Short Stories

Way-Side Hearers (The)


The Way-Side Hearers


Three girls were sitting together at public worship one Sunday afternoon, listening to a very solemn and impressive sermon, in which the minister spoke much of the sufferings that Christ endured in the garden of Gethsemane, and on the cross for our salvation. They were Sunday scholars, so that the minister knew them all by name; and, as they sat near the pulpit, his eyes rested upon them occasionally; perhaps with a hope that, through God's blessing upon his words, their hearts might be touched with a sense of the Redeemer's exceeding love in thus dying for us, and of the gratitude and obedience which we owe to him in return; for this is the design and end of all the sermons that we hear. If they do not awaken in us sorrow for our sins, a feeling of thankfulness for God's pardoning mercy through Christ, and an earnest desire to live to his glory, it were better for us that we had never heard the glad tidings of the gospel, since for all these slighted invitations and neglected warnings we must hereafter give account to God.

When service was over, the girls arose, and slowly left the church with the rest of the congregation. There was nothing unbecoming in their behavior as they passed along the aisle; not a word nor a look was amiss. One of them, Mary Thornton, seemed more serious than usual; and turned to say goodbye when they reached the porch; for her home lay in a different direction from that of her companions.

 "Oh! stop a little while," said Fanny Johnson, as they stood in the churchyard; "there is no hurry this fine afternoon."

"Grandmother will want her tea," answered Mary; "and I promised to get home as soon as I could."

"Grandmother can wait, I suppose," returned Fanny, laughing; "and, if she is cross, you may tell her what a long sermon we have had. I declare I thought it was never coming to an end."

"It was a very good sermon," said Mary, seriously.

"Well, we do not want to talk about the sermon," interrupted Fanny's sister, Elizabeth Johnson; "and if you are in such a hurry," for Mary was walking on, "we can go with you down the lane. We need not go home any sooner than we like."

Mary would rather have walked down the green lane alone, thinking over what she had heard; but she had not courage to say so. And she persuaded herself that it would do just as well by-and-by. She would find the text in her Bible after tea, and read over the chapter, and that would bring to her mind many things that the minister had said. So they went talking and laughing along, and Mary heard all that Fanny and Elizabeth had to tell about a fair that was to be held in a neighboring village next day, and felt strongly inclined to go, if she could only get her grandmother's leave. She also listened to a description of the smart new bonnets which their mother had promised them before the following Sunday; and she began to reckon how long it was since hers was new, and to wonder how much longer her grandmother expected it to last; so that, with the fair and the new bonnets to think of, it was not surprising that the sermon should go entirely out of her head, and all the good desires that it had awakened in her mind.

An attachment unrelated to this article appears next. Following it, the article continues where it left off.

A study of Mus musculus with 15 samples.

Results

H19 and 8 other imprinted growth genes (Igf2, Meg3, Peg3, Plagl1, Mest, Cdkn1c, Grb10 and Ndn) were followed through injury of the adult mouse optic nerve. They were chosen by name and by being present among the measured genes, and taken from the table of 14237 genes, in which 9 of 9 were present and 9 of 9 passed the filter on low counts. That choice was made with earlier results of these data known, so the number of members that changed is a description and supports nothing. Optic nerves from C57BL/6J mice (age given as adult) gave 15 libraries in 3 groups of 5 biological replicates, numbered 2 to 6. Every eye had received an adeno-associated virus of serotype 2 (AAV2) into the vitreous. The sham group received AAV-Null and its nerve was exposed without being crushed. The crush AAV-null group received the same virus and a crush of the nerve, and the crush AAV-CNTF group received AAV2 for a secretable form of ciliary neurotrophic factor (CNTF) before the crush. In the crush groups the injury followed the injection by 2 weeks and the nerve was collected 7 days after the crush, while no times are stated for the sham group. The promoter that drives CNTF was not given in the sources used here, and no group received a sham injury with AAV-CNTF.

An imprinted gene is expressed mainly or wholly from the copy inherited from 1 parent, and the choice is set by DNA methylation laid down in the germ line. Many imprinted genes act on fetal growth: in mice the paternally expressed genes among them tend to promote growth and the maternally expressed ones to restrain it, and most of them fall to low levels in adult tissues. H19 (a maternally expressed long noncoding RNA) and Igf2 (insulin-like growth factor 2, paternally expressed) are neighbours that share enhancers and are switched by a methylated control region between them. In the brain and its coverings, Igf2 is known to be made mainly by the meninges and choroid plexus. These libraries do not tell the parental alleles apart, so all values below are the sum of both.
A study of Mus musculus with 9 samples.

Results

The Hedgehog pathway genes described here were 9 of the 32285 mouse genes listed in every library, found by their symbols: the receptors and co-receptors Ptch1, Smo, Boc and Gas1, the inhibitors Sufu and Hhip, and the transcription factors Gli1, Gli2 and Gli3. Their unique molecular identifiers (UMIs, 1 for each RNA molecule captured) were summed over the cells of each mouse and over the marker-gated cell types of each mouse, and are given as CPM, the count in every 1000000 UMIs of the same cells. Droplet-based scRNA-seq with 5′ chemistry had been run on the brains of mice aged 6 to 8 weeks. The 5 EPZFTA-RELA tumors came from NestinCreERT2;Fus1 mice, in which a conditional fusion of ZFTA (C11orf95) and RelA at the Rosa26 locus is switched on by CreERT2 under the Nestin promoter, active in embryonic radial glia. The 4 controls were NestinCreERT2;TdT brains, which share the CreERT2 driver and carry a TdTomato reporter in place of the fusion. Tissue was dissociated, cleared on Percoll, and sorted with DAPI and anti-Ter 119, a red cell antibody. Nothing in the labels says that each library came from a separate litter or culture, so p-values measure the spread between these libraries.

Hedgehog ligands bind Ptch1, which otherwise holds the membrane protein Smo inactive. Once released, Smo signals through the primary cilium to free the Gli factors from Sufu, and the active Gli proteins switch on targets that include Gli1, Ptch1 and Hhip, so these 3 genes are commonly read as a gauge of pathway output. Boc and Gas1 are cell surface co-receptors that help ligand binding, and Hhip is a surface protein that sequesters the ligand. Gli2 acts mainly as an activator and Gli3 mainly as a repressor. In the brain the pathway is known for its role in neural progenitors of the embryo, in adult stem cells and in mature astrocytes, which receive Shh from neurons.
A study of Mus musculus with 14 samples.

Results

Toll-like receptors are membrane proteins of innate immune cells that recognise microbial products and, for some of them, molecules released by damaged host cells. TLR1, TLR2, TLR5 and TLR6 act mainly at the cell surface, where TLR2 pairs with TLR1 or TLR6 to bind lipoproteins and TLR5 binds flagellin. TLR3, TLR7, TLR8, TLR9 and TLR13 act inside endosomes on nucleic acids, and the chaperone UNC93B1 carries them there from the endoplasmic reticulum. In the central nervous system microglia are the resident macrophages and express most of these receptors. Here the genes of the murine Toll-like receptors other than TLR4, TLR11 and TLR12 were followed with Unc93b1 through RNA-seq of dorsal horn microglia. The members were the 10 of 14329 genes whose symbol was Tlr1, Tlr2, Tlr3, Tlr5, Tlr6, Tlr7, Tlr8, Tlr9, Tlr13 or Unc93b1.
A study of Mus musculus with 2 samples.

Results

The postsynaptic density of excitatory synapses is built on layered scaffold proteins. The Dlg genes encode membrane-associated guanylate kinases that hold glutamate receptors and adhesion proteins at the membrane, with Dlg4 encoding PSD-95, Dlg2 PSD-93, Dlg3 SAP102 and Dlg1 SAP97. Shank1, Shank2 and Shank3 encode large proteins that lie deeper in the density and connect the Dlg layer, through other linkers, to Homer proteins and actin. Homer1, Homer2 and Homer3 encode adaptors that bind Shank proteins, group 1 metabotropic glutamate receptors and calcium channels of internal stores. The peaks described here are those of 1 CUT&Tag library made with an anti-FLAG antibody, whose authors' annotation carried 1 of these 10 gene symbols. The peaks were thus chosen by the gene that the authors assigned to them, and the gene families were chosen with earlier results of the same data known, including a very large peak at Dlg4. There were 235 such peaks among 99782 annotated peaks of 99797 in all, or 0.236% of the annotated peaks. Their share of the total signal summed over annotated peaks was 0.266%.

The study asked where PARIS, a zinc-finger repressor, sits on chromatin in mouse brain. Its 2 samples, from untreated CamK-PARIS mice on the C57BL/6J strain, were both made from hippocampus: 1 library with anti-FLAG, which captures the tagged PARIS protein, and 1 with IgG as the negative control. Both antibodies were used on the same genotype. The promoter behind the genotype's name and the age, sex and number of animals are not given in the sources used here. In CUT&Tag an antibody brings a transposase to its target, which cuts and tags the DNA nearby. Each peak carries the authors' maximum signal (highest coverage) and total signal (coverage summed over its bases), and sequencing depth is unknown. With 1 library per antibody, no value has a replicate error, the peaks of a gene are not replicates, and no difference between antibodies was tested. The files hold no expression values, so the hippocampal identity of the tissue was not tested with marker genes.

After tea, instead of opening the Bible and looking out the text, she stood for an hour or more idly leaning against the door-post, sullen and discontented, because her careful grandmother would not hear a word about her going to the fair; and when bed-time came, instead of ending the Sabbath with prayer and holy thoughts, she just uttered a few sentences with her lips, while her heart was far from God, and then lay down to rest, as careless about her everlasting welfare as if she had never heard of Christ and all that he endured to save her soul from endless woe.

Thus it is that the good seed of the word is often taken away from the heart, through sinful companions, through vain and idle talk, through our own want of watchfulness and prayer. How many young persons have been impressed while listening to a sermon, have felt a rising desire to become religious, have made good resolutions before leaving the house of God; yet, by the time that they entered again their own homes, have been cold and indifferent, and worldly-minded as ever. How sad it is, when public worship is over, to see young people clustering in giddy groups outside, with ill-timed merriment and light discourse, doing their best to help the work of Satan, and to banish every recollection of God, of the never-dying soul, of preparation for the life to come! To keep up an appearance of seriousness and devotion in the presence of God's ministers and people, and immediately to throw it aside amongst our own companions and friends, must be a fearful mockery of Him who "looketh upon the heart." And oh! it is a solemn and an awful thing to trifle with the convictions of the Holy Spirit. Every good thought and every holy desire is from Him. He speaks to us in the whisperings of conscience and the preaching of his word. Reader, beware lest the message of mercy and salvation should be sent in vain to you.